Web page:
15. February 2014 · Comments Off · Categories: Courtney, Fantasy, Fiction, Teen Books

Crap Kingdom by D.C. Pierson, read by Courtney, on 07/19/2013

Tom Parking is an average guy who’s always dreamed of being the next Harry Potter or Percy Jackson. His life is pretty mundane until he is approached by a curious looking fellow named Gark who tells Tom that he is the Chosen One. Against his better judgement, Tom follows Gark into a dumpster which actually does turn out to be a portal to another kingdom. Believing his wildest dreams have come true, Tom gets pretty excited at the prospect of saving a kingdom. Until he actually gets a good luck at it. The whole civilization is more or less constructed out of trash. The denizens all don mismatched thrift-store clothes and the drink of choice tends to occasionally set its consumers on fire. Tom quickly discovers that this kingdom is kind of, well, crappy. The King is exceedingly cynical, to say the least. He also hates Tom. As it turns out, Gark, though tasked with tracking down the chosen one, is also about the least popular citizen of the kingdom, mainly because he has hope for the future. The rest could care less and have no inclination to change. In fact, the kingdom doesn’t even bear a name; when circumstances require, one can simply “mumble unintelligibly for the length of the average kingdom name”. Tom is less than impressed. In fact, he turns them down as his life proves easier without the nameless kingdom in his life (he was told he could be in charge of the Rat-Snottery, but it wasn’t enough to clinch the deal). So they find someone else: Kyle, Tom’s best friend. Kyle is everything Tom isn’t; athletic, focused, good with girls, etc. Kyle excels where Tom failed to impress and Tom finds himself actually starting to regret his initial choice to turn his back on the crappy kingdom.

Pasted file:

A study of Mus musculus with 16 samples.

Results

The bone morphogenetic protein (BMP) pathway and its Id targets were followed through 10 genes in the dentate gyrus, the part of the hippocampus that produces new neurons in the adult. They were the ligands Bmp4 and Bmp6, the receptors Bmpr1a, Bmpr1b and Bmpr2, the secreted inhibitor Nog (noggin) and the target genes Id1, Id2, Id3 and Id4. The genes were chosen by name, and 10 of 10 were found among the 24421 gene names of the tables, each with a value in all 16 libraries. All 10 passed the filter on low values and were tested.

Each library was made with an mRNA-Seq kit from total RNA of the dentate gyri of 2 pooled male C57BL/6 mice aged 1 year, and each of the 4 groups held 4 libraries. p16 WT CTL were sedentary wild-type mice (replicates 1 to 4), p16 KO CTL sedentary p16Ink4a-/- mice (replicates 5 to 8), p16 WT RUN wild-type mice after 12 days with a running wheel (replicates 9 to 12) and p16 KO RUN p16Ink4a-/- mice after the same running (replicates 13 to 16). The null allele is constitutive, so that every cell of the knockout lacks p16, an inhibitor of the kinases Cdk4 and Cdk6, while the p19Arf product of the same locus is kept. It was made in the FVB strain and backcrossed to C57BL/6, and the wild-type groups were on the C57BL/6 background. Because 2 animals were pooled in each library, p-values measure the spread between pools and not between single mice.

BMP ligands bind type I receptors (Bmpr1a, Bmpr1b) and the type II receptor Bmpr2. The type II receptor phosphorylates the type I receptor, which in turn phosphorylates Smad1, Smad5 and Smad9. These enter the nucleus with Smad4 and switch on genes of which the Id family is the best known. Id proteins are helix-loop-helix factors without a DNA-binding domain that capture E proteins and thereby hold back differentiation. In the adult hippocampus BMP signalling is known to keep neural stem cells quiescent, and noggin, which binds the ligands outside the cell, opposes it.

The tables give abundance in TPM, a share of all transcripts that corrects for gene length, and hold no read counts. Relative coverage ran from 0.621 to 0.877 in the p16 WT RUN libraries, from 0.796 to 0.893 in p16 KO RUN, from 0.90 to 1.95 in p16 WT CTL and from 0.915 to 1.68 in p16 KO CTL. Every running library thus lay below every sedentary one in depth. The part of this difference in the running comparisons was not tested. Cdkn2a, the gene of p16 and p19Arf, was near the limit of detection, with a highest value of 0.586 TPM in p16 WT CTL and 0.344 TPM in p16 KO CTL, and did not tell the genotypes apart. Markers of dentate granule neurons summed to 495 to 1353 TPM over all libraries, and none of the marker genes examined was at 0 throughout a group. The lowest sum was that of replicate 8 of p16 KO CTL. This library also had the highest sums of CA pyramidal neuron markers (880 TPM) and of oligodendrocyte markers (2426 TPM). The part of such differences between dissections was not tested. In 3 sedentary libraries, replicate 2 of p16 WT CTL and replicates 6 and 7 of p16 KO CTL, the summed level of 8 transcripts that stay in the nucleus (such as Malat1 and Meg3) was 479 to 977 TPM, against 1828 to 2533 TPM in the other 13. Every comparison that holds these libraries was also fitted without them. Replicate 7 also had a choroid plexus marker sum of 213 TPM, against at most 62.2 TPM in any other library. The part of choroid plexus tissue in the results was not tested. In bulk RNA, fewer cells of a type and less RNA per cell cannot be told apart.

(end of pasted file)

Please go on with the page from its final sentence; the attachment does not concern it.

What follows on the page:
While the setup is definitely amusing and unexpected, the rest of the book isn’t as funny as I had hoped. The moral of the story becomes a bit heavy-handed and the pace lags substantially in the middle of the book. Tom can be an irritating character at times, while Kyle is kind of bland. Nevertheless, readers will still be able to relate to Tom’s sense of opportunity lost. After all, haven’t we all regretted turning down an opportunity at some point in our lives? Overall, however, an entertaining read for teens, particularly any teen who has ever dreamed of becoming a “chosen one”.